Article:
CANTON – The town may be small and the team not all that big, but the Canton Cruisers have come out on top four straight years for the amount of money raised per member.

The 12-member Relay for Life team, one of 22 teams in the River Valley area, has great community support, said member Debi Hutchins. “They come out for events.”

She and other team members worked throughout Saturday on the fourth annual Canton Cruisers Relay for Life Holiday Open House at the fire station.

Hutchins also organizes the highly successful annual auction each April. This past year, this small town of about 1,100 people helped raise $6,000 at the auction and another $6,000 through other events.

Last year, the River Valley teams raised a total of about $100,000 for the cause.

Donations for the auction come from local businesses and individuals as well as from Lewiston-Auburn, Augusta and wherever else Relay for Life supporters work.

Last year, a script from the television show, “Lost,” and a book autographed by Gov. John Baldacci were among the 700 or so items up for auction, Hutchins said.

One local woman writes letters to various companies, asking for some of their products. Some companies respond; some do not.

“It’s just amazing to me. There’s only 12 of us and we’re a small town and we’ve done this big thing,” said Kathy Hutchins, captain of the team and Debi’s mother-in-law.

Kathy Hutchins believes one of the major reasons for such success is the number of people on her team who have been touched by cancer. Her husband and mother died from the disease. Another member, Jackie Conant, has seen cancer take a niece and a brother. Other members have been touched themselves or have family or friends who have been cancer victims.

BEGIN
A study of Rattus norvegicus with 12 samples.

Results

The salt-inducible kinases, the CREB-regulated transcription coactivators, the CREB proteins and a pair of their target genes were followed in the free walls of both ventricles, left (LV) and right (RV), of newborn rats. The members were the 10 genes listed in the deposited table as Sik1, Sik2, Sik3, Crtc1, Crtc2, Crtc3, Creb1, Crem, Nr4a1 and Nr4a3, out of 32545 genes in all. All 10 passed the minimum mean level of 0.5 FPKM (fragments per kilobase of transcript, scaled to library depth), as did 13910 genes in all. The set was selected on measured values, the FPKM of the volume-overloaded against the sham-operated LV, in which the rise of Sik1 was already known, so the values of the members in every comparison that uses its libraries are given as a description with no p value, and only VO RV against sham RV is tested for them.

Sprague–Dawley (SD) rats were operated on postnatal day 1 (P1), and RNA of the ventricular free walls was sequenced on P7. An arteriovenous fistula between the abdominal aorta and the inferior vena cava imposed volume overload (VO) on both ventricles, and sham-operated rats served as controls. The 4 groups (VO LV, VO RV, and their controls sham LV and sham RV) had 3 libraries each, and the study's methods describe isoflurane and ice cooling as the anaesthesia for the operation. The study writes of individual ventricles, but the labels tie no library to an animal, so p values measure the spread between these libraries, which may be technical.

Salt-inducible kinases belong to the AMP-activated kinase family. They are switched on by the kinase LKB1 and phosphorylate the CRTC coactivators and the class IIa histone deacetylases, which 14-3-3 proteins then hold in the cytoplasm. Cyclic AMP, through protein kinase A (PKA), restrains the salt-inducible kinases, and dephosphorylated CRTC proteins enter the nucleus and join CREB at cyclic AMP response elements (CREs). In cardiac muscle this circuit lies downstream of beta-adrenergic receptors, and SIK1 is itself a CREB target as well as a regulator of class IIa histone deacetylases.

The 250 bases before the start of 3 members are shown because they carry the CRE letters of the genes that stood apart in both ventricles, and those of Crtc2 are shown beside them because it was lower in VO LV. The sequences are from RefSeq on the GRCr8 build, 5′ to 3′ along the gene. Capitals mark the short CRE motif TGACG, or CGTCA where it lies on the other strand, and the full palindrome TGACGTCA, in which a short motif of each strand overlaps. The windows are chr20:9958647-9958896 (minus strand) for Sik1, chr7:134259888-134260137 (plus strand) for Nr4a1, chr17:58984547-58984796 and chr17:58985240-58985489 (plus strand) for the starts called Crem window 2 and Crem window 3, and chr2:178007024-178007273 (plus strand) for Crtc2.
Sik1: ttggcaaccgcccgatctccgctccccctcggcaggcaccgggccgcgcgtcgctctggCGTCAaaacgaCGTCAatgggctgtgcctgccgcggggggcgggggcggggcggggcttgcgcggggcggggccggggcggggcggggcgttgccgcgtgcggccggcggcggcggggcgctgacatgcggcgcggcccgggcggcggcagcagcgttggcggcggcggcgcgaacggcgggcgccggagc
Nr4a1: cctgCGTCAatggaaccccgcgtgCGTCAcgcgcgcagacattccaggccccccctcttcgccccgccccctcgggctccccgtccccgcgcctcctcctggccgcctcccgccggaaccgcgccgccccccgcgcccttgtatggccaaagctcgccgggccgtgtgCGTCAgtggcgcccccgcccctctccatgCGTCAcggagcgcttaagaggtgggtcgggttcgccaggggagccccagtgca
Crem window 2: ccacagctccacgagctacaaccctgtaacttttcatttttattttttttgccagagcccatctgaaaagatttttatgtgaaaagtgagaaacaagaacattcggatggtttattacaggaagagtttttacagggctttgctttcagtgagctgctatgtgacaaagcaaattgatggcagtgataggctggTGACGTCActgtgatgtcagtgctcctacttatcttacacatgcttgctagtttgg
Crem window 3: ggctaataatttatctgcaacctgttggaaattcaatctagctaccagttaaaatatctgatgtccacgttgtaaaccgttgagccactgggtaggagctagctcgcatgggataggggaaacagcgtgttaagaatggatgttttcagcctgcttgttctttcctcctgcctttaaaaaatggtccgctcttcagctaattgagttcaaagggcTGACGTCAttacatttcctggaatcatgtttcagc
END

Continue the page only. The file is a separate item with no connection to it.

Six times a year, the team holds a fund-raiser. On Saturday, it was a holiday fair with offerings such as rustic woodcrafts, handcrafted bookcases and other wood items, gift baskets, Tupperware, Longaberger baskets and Pampered Chef products, food, raffles, jewelry and cosmetics.

Four-year-old Kimberly Erin Fleury of North Jay was visiting the fair with her grandmother, Linda Cox of Peru. Kimberly picked a grab bag from Judy Virgin’s gift basket table.

The bag was thrilling. Kimberly found a Beanie Baby bunny, a little book about bunnies, a colorful hair clip and a yellow rubber ducky, among other stuff.

“I love watching the kids,” said Virgin, of Carthage.

The annual event began four years ago and grew so large that it had to be moved to the newly built fire station, said Kathy Hutchins.

The team doesn’t charge for the use of tables or for the food offered. The group relies on donations, and people always come through, she said.

Other fundraisers include a scrap-booking day, this time scheduled for Jan. 17 at Dirigo High School in Dixfield, the auction in April, a bowl-a-thon in January, a chicken barbecue, and the Relay for Life Walk where participants take pledges, in May.

At the end of each event, helium-inflated memory balloons with messages placed inside to cancer victims are released into the sky. That, too, is a fund-raiser, with a $1 donation requested.

Lots of friendly competition exists among the participating teams, said Cindy Kubic who was staffing a rustic crafts table. She also is a member of the Irving’s Forest Products Relay for Life team. During its first year as part of Relay for Life, the team raised $7,000.

“We’ll give it a good push this year, and maybe even beat Canton,” said Kubic. “They are a big train to follow.”